Narco analysis is a term often heard in news especially with regard to crime and criminal procedures. It is important to understand what the narco analysis test is and its legality in India for the UPSC exam. In this article, you can read all about the narco analysis test.
Before the advent of various scientific technologies, the process of investigation and interrogation in India had become defunct and redundant with police mainly relying on methods which should not be permissible in a civilized society.
- With the advent of technologies in various spheres of our lives, criminal interrogation has also adapted to the same to some extent.
- Narco-analysis is one such tool that helps in this regard.
- Narco analysis is a statement made by the accused with the help of some scientific tools which may form a part of the Evidence against him.
- The Evidence Act which is the primary law on admissibility of evidence in a court of law is silent with respect to narco analysis but critics have argued all along that such a test is against the fundamental rights that the Constitution guarantees to all citizens.
- Many constitutional scholars and jurists argue that procedure for narco-analysis is violative of the rights against self-incrimination, guaranteed under Article 20 (3) of the Constitution.
Read about important articles of the Indian Constitution in the linked article.
Narco Analysis Test Concerns
Narco analysis consists of a statement that is made by a semi-conscious person and thus unable to determine the effect and extent of the statement that he is making and as such just like confessions they are not generally admissible in the Courts. Narco-analysis, just like other scientific techniques such as brain-mapping and lie-detector tests, is a tool to get a person to incriminate himself during the course of a trial. These techniques thus violate the fundamental right guaranteed under Article 20(3) which states that no person who is accused of an offence shall be compelled to be a witness against himself, also referred to as the right against self-incrimination.
Right against self-incrimination
- The right against self-incrimination is not guaranteed under the Constitution only but also in the Code of Criminal Procedure (CrPC).
- In the CrPC, the legislature has protected an individual’s right against self-incrimination.
- S.161 (2) of the CrPC says that every person “is bound to answer truthfully all questions, put to him by a police officer, other than questions the answers to which would have a tendency to expose that person to a criminal charge, penalty or forfeiture”.
In addition, narco-analysis is also widely believed to be an intrusion of the right to privacy of an individual, a right that is guaranteed as a part of the right to life & personal liberty given under Article 21.
Read about the concerns of privacy in India in the linked article.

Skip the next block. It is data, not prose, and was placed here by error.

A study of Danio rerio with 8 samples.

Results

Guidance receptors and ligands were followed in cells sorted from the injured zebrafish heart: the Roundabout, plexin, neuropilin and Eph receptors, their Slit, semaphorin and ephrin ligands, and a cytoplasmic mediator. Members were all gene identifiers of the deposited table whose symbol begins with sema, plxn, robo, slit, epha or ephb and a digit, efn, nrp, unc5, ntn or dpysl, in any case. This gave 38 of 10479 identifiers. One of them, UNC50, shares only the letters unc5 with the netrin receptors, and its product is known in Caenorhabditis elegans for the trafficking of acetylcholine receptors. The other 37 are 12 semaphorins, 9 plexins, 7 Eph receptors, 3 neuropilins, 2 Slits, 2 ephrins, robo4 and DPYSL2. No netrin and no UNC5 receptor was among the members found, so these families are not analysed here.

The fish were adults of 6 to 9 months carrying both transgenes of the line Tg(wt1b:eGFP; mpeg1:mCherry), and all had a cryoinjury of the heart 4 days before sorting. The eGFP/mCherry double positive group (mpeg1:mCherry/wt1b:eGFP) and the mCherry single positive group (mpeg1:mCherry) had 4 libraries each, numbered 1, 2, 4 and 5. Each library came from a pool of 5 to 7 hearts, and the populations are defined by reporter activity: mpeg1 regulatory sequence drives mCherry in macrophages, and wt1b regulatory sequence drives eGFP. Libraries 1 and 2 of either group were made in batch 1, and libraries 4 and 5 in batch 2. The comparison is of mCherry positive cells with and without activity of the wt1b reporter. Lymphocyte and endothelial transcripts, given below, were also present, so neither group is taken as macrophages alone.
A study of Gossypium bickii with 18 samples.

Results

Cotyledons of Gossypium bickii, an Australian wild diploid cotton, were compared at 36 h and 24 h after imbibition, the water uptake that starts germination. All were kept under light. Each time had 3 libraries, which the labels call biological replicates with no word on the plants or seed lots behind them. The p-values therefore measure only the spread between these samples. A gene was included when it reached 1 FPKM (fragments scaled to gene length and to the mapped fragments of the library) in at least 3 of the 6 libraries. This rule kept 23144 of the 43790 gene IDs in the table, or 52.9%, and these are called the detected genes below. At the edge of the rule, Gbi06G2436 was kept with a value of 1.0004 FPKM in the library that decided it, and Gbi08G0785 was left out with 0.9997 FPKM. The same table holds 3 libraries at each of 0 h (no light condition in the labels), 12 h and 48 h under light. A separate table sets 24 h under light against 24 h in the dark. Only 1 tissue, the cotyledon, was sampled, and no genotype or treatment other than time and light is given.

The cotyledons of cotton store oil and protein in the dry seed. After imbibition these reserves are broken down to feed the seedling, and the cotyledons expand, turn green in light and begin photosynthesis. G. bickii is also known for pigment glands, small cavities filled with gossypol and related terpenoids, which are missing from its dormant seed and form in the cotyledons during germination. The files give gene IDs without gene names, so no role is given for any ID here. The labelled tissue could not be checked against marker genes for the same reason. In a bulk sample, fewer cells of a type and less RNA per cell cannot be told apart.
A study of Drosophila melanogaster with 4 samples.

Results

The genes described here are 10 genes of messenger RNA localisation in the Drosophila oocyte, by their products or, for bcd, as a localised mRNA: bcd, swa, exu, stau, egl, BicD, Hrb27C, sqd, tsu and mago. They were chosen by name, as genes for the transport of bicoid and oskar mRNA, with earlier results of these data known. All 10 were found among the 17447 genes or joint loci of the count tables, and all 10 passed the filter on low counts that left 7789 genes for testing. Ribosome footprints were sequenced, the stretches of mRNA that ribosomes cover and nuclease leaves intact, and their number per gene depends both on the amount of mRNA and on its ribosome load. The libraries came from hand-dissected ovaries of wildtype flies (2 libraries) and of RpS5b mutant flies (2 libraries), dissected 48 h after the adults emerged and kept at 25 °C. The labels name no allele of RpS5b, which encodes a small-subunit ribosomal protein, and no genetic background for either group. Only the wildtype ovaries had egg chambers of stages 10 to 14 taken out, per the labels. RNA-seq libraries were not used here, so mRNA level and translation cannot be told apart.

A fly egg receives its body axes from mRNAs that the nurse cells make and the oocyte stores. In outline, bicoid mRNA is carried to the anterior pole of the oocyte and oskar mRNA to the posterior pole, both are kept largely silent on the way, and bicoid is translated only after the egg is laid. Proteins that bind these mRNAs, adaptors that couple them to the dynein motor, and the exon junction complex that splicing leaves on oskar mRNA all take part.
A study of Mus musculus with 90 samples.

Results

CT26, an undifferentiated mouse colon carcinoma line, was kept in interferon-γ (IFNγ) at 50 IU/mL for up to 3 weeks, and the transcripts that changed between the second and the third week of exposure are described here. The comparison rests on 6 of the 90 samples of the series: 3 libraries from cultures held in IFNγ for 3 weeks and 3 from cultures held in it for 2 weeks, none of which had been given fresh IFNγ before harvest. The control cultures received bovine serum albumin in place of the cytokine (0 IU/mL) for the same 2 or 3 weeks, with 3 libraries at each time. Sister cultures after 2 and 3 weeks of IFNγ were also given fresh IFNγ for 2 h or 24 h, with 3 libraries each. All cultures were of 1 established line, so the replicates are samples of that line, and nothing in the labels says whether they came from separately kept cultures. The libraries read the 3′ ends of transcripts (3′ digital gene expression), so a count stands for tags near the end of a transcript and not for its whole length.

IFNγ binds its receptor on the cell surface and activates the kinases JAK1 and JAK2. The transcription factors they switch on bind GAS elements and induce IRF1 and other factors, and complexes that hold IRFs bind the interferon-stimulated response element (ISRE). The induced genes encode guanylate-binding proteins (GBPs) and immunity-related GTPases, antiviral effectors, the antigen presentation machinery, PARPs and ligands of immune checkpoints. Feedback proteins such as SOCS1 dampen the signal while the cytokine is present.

Criticism against Narco Analaysis
Opponents of narco analysiss argue that there is little scientific evidence to warrant its use as a reliable source of interrogation, citing misuses by several Indian police agencies. India is referred to as the narcoanalysis capital of the world with so-called biscuit teams (behavioral science consultation teams) using pseudoscience to back illegal interrogations. Though security agencies worldwide have shown interest, inconsistent results have proven objective truth elusive, despite increased suggestibility.
Narco Analysis Judgements
The most significant judgement in this regard came in the case of Selvi v. State of Karnataka, where the accused challenged the constitutional validity of certain scientific techniques of interrogation in criminal cases. These techniques included Narco-Analysis, Polygraphy and Brain Fingerprinting, and the petitioners argued that using these techniques are softer alternatives to the use of third-degree methods by the investigators and violates right against self-incrimination in Article 20(3) of the Constitution. A three-judge bench of the Supreme Court unanimously held that these tests are testimonial compulsions and are prohibited by Article 20(3) of the Constitution. In addition, the Court laid down the following guidelines in this respect:
- No Lie Detector Test should be administered except on the basis of the consent of the accused. An option should be given to the accused whether he wishes to avail such a test.
- The consent should be recorded by a judicial magistrate if any of these tests are to be done.
- During the hearing before the magistrate, the person who has given the consent must be duly represented by a lawyer.
- The person in question should also be informed clearly at the hearing that the statement that is made will not be a ‘confessional’ statement to the Magistrate but shall have the status of a statement made to the police.
- The Magistrate shall consider all factors relating to the detention including the length of detention and the nature of the interrogation.
- A complete factual and medical narration of the way in which the information was received should be taken on record.
The current criminal justice system without the aid of these scientific techniques is weak and as such many cases result in acquittals. Since the validity of the test and admissibility of narco-analysis has been quashed by the apex court taking into consideration the circumstances under which it is obtained, the possibility of justice has weakened. One way forward in this whole affair is that these techniques can be allowed selectively in grave offences where the other evidence is not sufficient enough. This move will bring about a qualitative change in criminal justice. Every individual is innocent until proven guilty, and the same aspect should be adhered to while conducting a criminal investigation.